6 May 2014

Financial Situation of United Nations ‘Generally Sound’, Under-Secretary-General Tells Fifth Committee

6 May 2014
General Assembly
Department of Public Information • News and Media Division • New York

Sixty-eighth General Assembly

Fifth Committee

36th Meeting (AM)

Financial Situation of United Nations ‘Generally Sound’,


Under-Secretary-General Tells Fifth Committee


Despite Pace of Contributions, Several States Largely Responsible for Shortfall

The United Nations financial situation was “generally sound” at the end of 2013 thanks to the continued positive efforts of many Member States, the Organization’s top management official today told the Fifth Committee (Administrative and Budgetary).

Yukio Takasu, Under-Secretary-General for Management, highlighting financial indicators — Member States’ obligatory payments to the Organization, unpaid contributions, available cash resources and the money the Organization owes Member States — said that those gauges were generally healthy, although some areas needed to be closely monitored.

For the 2014 regular budget, Member States were collectively obliged to pay $2.6 billion to the United Nations, the same level as the previous year, he said.  By 30 April, the Organization had received $1.68 billion, up from $1.53 billion a year earlier, as 79 States, or three more than last year, had already paid their dues in full.  For 2013, 146 Member States had paid their regular-budget assessments in full, exceeding the previous year’s 143.

Noting that a large share of the outstanding amount had been owed by a handful of Member States, he noted that the final outcome for 2014 would depend on actions taken by those States.  He, however, acknowledged the differences in the financial years of countries, and the timing of the related national legislative processes, which might prevent prompt payment.

Cash balances had been positive throughout 2013 for peacekeeping, tribunals and Capital Master Plan accounts, he said.  But, the cash position for the regular budget turned negative in the final quarter of that year, which necessitated the use of reserves, namely the Working Capital Fund and the Special Account, to cover the shortfalls.  The regular budget cash position had since improved to $806 million by 30 April.  Yet, if the trend of previous years continued, it would face some tightening in the last quarter of 2014 and, accordingly, the cash position would need to be closely monitored.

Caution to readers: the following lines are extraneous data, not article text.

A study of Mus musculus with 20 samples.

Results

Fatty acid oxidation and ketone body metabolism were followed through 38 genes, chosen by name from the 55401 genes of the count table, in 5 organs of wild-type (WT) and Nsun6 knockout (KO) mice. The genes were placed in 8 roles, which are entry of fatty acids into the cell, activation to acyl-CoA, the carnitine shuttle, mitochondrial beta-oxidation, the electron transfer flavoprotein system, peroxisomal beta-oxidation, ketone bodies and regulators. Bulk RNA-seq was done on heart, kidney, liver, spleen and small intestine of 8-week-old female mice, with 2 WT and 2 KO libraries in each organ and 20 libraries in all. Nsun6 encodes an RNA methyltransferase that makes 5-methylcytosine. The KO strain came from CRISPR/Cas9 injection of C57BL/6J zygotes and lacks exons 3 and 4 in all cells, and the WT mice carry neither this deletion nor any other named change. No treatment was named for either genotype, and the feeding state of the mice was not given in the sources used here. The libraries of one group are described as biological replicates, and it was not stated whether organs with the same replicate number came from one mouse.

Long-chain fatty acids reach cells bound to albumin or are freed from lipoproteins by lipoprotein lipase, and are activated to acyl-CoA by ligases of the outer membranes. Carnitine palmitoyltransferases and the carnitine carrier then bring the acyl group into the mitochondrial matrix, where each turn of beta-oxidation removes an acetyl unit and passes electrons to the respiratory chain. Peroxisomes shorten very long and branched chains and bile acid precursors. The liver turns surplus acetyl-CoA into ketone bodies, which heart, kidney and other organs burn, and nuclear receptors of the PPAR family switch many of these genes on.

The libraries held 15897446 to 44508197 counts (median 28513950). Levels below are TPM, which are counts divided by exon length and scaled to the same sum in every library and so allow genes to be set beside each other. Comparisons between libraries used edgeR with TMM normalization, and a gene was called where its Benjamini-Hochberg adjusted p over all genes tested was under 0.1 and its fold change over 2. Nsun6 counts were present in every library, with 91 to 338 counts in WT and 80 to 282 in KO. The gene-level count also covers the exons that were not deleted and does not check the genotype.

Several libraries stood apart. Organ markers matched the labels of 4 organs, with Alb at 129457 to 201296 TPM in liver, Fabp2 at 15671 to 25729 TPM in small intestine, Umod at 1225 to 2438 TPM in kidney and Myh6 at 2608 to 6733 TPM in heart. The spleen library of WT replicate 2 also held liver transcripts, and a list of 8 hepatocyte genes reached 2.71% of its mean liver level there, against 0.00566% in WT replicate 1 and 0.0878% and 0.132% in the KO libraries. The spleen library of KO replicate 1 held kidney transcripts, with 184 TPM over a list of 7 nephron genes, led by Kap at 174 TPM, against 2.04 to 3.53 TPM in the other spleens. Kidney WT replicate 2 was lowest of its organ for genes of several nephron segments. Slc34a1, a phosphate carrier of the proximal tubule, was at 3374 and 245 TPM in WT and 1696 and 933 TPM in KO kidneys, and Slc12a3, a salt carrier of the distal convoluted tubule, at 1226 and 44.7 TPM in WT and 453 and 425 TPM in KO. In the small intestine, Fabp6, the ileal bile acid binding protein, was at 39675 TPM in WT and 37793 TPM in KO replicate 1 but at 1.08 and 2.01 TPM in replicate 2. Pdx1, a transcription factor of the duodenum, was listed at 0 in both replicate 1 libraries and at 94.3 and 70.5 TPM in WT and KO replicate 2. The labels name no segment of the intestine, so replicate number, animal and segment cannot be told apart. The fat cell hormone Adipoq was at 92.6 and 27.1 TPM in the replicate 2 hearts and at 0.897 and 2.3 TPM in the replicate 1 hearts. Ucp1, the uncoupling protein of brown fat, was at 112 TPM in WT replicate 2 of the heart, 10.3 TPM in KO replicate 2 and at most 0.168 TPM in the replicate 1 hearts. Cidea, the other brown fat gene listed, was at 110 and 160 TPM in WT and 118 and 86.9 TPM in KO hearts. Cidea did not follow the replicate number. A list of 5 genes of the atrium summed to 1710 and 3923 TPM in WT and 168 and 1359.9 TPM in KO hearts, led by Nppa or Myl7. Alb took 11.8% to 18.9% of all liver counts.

Turning to the peacekeeping budget, he noted that unpaid assessments stood at $2.2 billion at the end of 2013, up from $1.33 billion a year earlier.  As of 30 April, that amount had been reduced to $1.5 billion, the same level from a year earlier, as 23 Member States had paid their dues in full.  The cash available for peacekeeping at the end of 2013 had been at $4.1 billion.  The General Assembly had decided to maintain separate accounts for each peacekeeping operation, specifying that no peacekeeping mission should borrow from other active ones.  In addition, the terms of reference of the Peacekeeping Reserve Fund restricted its use only to new operations and expansions of existing operations.

Regarding outstanding payments to Member States, the amount for troops, formed police units and contingent-owned equipment as of 31 December 2013 had stood at $513 million, down from $745 million owed on 30 April of that year, he said.  By the end of 2014, the amount was expected to decrease to $500 million.

For international tribunals, unpaid assessments at the end of 2013 had stood at $54 million, up from $36 million a year earlier.  On a positive note, 113 Member States — nine more than the previous year — had paid their dues in full in 2013.  For 2014, 54 Member States had paid their contributions in full by 30 April, 13 more than last year, with unpaid assessments decreasing to $149 million, a $29 million decrease over the previous year.

For the Capital Master Plan, 174 States had paid their contributions in full, he said.  Most of the total assessed amount of $1.87 billion had been received, with only $0.7 million outstanding.  Cash, which had stood at $145 million as of April, could be fully depleted in the coming months, but the General Assembly had authorized the use of the Working Capital Fund and the Special Account on an exceptional basis as a bridging mechanism.

Janne Taalas ( Finland), Chair of the Fifth Committee, informed Member States that a general discussion on the Under-Secretary-General’s presentation would be held on 15 May.

The Committee will reconvene at 10 a.m. on Wednesday, 7 May, to continue its second resumed session.

For information media. Not an official record.